November 12, 2010
Union Backlash Growing in Montgomery
Source: Washington Examiner
By: Brian Hughes

Montgomery County's public employees unions are turning up the pressure on officials who vowed to cut back on the region's most generous compensation packages for local government workers.

"They're really upset," said Councilman Marc Elrich, D-at large, of the growing union anger. "At the end of the day, though, we're going to have to do what we have to do. I don't imagine we're going to score any points with any of them."

A report from the county Office of Legislative Oversight identified ballooning salaries and benefits as the cause of Montgomery's fiscal crisis, and in turn, County Council members said they would explore slashing salaries, benefits and the size of the work force.

It didn't take long for the finger-pointing to follow, and a strong union presence is expected at Tuesday's council meeting -- and all meetings in the immediate future.

"The enormous importance given [the OLO report] by both the media and some County Council members is unmerited," said the Montgomery County Education Association, local Service Employees International Union and Montgomery County Association of Administrative and Supervisory Personnel in a joint statement. "It looks only at employee costs as if the hard-working men and women who have dedicated themselves to serving our county are a pit into which tax dollars are dropped."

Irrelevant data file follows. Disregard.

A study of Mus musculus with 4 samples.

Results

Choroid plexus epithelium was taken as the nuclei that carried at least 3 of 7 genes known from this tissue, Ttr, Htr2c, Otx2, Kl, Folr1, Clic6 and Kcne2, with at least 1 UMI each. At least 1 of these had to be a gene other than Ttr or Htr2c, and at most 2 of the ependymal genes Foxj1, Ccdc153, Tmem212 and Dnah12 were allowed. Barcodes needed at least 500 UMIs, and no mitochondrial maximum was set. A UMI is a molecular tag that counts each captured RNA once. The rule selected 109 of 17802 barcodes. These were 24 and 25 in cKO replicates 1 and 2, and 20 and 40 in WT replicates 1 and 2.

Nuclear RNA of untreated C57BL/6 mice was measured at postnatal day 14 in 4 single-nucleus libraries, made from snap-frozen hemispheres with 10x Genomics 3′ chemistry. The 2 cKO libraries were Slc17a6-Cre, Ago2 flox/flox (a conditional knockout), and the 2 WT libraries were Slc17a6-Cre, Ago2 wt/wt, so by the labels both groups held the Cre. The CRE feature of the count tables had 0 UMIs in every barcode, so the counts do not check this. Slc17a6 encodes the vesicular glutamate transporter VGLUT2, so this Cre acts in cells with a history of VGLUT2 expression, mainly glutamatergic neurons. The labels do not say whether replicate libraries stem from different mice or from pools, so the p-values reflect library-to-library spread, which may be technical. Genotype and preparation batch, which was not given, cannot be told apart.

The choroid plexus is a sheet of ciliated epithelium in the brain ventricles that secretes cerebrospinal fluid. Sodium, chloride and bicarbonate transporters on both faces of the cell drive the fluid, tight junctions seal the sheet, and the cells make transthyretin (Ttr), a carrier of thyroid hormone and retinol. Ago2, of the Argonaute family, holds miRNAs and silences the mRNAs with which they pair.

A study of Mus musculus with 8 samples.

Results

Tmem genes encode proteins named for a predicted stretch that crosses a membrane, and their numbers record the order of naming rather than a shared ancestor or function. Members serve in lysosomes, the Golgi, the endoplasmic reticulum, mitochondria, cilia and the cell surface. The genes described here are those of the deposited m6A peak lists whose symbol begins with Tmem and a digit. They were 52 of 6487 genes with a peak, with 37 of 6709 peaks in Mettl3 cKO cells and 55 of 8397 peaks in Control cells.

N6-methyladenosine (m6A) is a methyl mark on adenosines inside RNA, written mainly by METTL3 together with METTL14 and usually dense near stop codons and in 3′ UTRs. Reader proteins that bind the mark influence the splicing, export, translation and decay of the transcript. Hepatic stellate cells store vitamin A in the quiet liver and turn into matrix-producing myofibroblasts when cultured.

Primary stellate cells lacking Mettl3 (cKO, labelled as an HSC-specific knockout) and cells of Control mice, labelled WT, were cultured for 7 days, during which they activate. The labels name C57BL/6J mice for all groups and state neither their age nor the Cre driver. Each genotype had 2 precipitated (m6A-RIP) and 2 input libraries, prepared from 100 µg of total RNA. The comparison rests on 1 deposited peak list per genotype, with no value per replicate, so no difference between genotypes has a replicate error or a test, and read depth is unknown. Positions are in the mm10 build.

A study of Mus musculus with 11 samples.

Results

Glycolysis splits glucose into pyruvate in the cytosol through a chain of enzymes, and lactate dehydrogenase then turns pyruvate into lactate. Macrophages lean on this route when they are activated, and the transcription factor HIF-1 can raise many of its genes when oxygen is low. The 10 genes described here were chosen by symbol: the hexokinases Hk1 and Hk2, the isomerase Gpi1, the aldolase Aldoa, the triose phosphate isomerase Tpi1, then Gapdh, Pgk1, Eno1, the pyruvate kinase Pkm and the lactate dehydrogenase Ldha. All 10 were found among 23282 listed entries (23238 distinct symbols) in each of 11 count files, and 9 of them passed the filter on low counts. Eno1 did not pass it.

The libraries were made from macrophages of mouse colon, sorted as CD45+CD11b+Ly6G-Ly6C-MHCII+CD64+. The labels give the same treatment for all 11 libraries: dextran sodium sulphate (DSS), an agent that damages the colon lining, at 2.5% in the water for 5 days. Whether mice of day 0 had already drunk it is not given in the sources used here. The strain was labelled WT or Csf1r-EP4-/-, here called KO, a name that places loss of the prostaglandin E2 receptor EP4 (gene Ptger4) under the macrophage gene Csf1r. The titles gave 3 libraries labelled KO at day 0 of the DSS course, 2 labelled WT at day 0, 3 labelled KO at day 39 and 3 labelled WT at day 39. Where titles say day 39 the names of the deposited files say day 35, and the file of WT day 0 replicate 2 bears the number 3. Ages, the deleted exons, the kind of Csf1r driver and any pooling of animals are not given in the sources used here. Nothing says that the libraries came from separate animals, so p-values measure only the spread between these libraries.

Of every taxpayer dollar spent, 82 cents is devoted to wages and benefits.

"All of the sudden, there is this attack on people who perform services," said Walt Bader, chief negotiator for the Fraternal Order of Police, who said officials should focus instead on redundant positions and exorbitant salaries for top administrators. "You're not going to get the Walmart rate for quality service. This is clearly an attack on unions."

Over the past decade, the cost of pension and retirement benefits jumped 226 percent and health benefits for active employees grew 134 percent. A grade three firefighter, for example, earned $35,400 a decade ago compared with $62,500 this fiscal year. With benefits included, the employee banks more than $100,000.

The showdown takes place alongside contract negotiations with the unions and on the heels of County Executive Ike Leggett's announcement that the suburb faces a $350 million shortfall over the next year and a half.

"We know that we're in for another bad year, and maybe another one after that," said Leggett spokesman Patrick Lacefield. "What will affect the negotiations will be the ability of the county to pay. We've said that compensation is 80 percent of the budget. If you're going to reduce the budget, you've got to be looking at that."